We work two thousand hours each year, hoping to become financially secure and offer our loved ones (and ourselves) a sense of comfort and stability. But in order to achieve that goal, we must have a financial plan. We also have to be intentional as we build wealth and take steps toward protecting our assets and investments.
Set financial goals
Financial goals like becoming debt-free, travelling the world and owning a second home resonate with many people. And everybody wants to be able to retire early. No one wants to be forced to continue working well into their 70s and 80s.
Think about your short- and long-term financial goals.The deeper you can go with understanding those questions, the more motivated you will be to achieve your personal financial goals.
Review your budget
The word “budget” doesn’t give most of us warm and fuzzy feelings. But by comparing your monthly expenditures to the amount of money you’re bringing home, you can take control of your financial future and improve your financial well-being.
Grab a recent bank statement and write down each of your monthly expenses. Some expenses are fixed or unchanging each month, like insurance premiums and mortgage payments. Others are discretionary expenses, like money you spend at the movies or during trips to the coffee shop.
Hopefully the sum of your expenses does not exceed your monthly net income. By understanding how much you’re spending relative to your take-home pay, you’ll be able to set realistic financial goals. Since you probably won’t be able to work toward all of your goals at the same time, you’ll need to prioritize. For example, paying off debt may be something you want to tackle first.
Kill your debt
There are many strategies that you could use to pay off debt. You could choose to pay down the most expensive debt first. Or you could pay off the smallest balances before moving on to your other outstanding debts.
Debt consolidation is another option. It involves using a new loan to cover multiple debts. This strategy can potentially offer several benefits, including a lower interest rate. You’ll also have fewer creditors to pay. But there are risks to consider when you’re consolidating debt, like ending up with a loan with a longer term that costs you more interest. If you’re considering that strategy, you may need to get help from a financial advisor.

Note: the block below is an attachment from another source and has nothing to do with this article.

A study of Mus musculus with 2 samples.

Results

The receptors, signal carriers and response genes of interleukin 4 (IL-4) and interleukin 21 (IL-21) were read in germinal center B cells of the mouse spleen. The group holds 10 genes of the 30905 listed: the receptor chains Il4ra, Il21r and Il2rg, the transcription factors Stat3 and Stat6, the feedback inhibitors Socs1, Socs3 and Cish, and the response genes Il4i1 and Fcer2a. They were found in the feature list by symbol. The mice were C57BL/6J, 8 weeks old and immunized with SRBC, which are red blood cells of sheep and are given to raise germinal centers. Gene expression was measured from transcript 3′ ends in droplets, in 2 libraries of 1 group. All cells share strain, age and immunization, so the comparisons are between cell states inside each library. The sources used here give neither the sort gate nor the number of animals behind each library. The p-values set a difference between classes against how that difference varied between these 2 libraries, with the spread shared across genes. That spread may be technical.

If you have student loan debt, you may be able to take advantage of income-based repayment programs such as PAYE or REPAYE. And of course, avoid taking on new debt if possible, so that you can begin to boost your net worth.
Save for retirement
If your employer offers a 401(k) program, you should participate — especially if they offer to match your contributions. The other advantage of having an employer-sponsored retirement plan is the fact that your savings are automatically deposited into your account. You don’t have to take any action to make contributions. And if you are at least 50 years old, you may be able to make catch-up contributions.
If you are self-employed, or you don’t have an employer-based retirement plan, you can set up a Roth or traditional IRA account within minutes. And of course, there are stocks, bonds and annuities that you can invest in.
In order to avoid compromising your long-term financial well-being, keep in mind that retirement savings should not be viewed as a safety net that you can access when times get tough. Early distribution penalties can be steep, and if you tap into your savings now, their ability to grow over time will be diminished. If you find yourself in a serious situation and you’re considering an early withdrawal from your retirement account, consult a financial expert to see if there are other ways to get the money you need without cracking your nest egg.
Protect your assets
Insurance can protect your assets and your loved ones in the event of an accident or natural disaster. Here are two things to think about when evaluating your insurance coverage.
1. Do you have enough insurance coverage?
Signing up for home insurance is an important step to take. But you’ll need to make sure that your coverage is sufficient. For example, if you bought your home three years ago and you recently remodeled the kitchen or added a pool, you may need to increase your coverage so that your policy takes the changes you’ve made into consideration. On the other hand, if you have an older roof, weathered fencing materials or other aspects of your home that show wear and tear, your insurer may perceive that there’s additional risk. This can cause an insurance carrier to increase your premiums and in extreme cases, the company may not renew your policy at all if certain issues are not fixed.
2. Do you have the right type of insurance?
You’ll know what kind of insurance you need based on your life’s circumstances. If you have a spouse and children, for example, you will want to purchase life insurance. And as you build wealth, you may want to purchase an umbrella policy, which provides liability protection beyond the coverage limits offered by an insurance plan. Contact your insurance provider and ask for an evaluation of your existing insurance coverage. Consider whether there’s another carrier, like Hippo, that’s more prepared to meet your needs.
Another way to protect your assets is to consider ways to reduce your tax liability, especially since the tax reform bill that was signed in December will take effect for tax year 2018. Speaking with a tax professional will give you the opportunity to find out whether a trust or another estate planning strategy might be right for you. That way, you can potentially shield your estate and beneficiaries from significant tax burdens if you pass away.
Have questions about how you can protect your financial future with insurance coverage? Speak with a Hippo specialist.